Understanding how to determine whether your college is accredited or not is imperative. Find out how.

October 20th, 2016 by

Thinking about CollegeIf you are among the many individuals who are discovering the amazing benefits of attending online college to earn your degree, it’s super important to know that the college you choose is accredited, and not a diploma mill.

With today’s easy access to technology with our mobile devices as well as tablets and laptops, anyone can easily become overwhelmed when beginning a search for a respectable, accredited online university to attend.

Here are some clues that can help you spot a diploma mill vs an accredited school.

Overzealous and High Pressure Representatives

Online schools employ representatives to help them recruit qualified students. When you request information from any website regarding college classes and degrees, you will be contacted by a representative to discuss your educational needs and goals.

These individuals are there to assist you with any questions you may have and to provide guidance to you in enrolling in the right program of study. One thing you should be wary of is a representative who tells you all you need to do to receive your degree is to send a certain amount of money up front!

This is a sure sign that you are not dealing with a legitimate accredited school. Accredited colleges have a real curriculum, real terms of 5, 9 or 12 weeks per course. They have tuition based on hours of credit just like any other college.

No Faculty Information Appears on Website

Every legitimate college employs college-educated instructors and are proud of this fact. If the college you are considering does not have information on their website about how their faculty is qualified, you should sense that something is amiss.

Most colleges require a minimum of a master’s degree to even be considered for employment. Depending upon the subject matter, some courses will require PhD’s or Doctorate degrees. Do your research and make sure courses are taught by qualified, well-educated individuals.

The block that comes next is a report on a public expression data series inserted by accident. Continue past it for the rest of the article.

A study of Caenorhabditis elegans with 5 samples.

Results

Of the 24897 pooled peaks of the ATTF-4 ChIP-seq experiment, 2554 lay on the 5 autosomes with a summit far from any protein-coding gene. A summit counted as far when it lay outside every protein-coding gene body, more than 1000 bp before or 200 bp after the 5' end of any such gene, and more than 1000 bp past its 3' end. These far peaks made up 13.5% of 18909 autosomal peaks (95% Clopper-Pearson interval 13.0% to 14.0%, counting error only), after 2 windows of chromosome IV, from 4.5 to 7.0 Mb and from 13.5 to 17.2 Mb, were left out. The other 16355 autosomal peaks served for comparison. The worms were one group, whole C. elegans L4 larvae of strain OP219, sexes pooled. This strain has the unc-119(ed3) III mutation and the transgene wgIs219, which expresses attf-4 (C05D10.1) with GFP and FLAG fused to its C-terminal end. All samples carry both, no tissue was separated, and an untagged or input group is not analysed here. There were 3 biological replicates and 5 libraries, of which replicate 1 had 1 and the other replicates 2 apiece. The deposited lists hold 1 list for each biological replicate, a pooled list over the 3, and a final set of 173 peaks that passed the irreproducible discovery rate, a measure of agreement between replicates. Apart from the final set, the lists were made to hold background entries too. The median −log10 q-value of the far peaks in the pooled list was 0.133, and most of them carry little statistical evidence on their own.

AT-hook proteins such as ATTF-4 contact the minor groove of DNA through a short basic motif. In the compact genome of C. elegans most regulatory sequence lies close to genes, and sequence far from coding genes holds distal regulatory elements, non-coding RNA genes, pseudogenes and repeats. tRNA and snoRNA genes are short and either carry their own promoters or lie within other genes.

Application Process Does Not Require Transcripts

When applying for college, every individual should expect to produce a transcript from prior educational institutions – high school, GED Diploma, prior college courses completed, etc. If you are assured from the beginning that you will be admitted, regardless of your qualifications during the application process, you should be concerned and do some more checking.

An application process requires different documents to be completed and these may vary from one college to the next. However, you should definitely expect to complete an application process and provide proof of your education up to that point.

These are a few of the things you should be on the alert for when you’re looking into online colleges. You should expect to be treated just as you would if you were applying to a traditional college where you would attend classes on campus.

Also, keep in mind that many of the most respected online colleges also offer classes in the traditional setting and have campuses around the country to better serve their students. Pay attention to the way the representative interacts with you. You should expect to be treated with respect in a professional manner as you discuss your plans to earn your degree online.

If anything sounds fishy to you, ask questions and do more research online to uncover the information you need.

Here is a great place to begin exploring accredited online colleges. When you fill out a form to request more information, you are under no obligation at all. You should expect to be contacted by someone affiliated with the college or university who will answer additional questions for you and help you decide if their program is the right one for you. They will tell you what you should do to begin the application process.

About the Author:

Sandy Davis

Sandy Davis is a long-time educator who holds a Master’s Degree in Education, having taught English, writing, and communication on the secondary and college levels. With ten years of experience in blogging, social media and content management, she is a freelance writer and content marketing specialist for a diverse range of clients.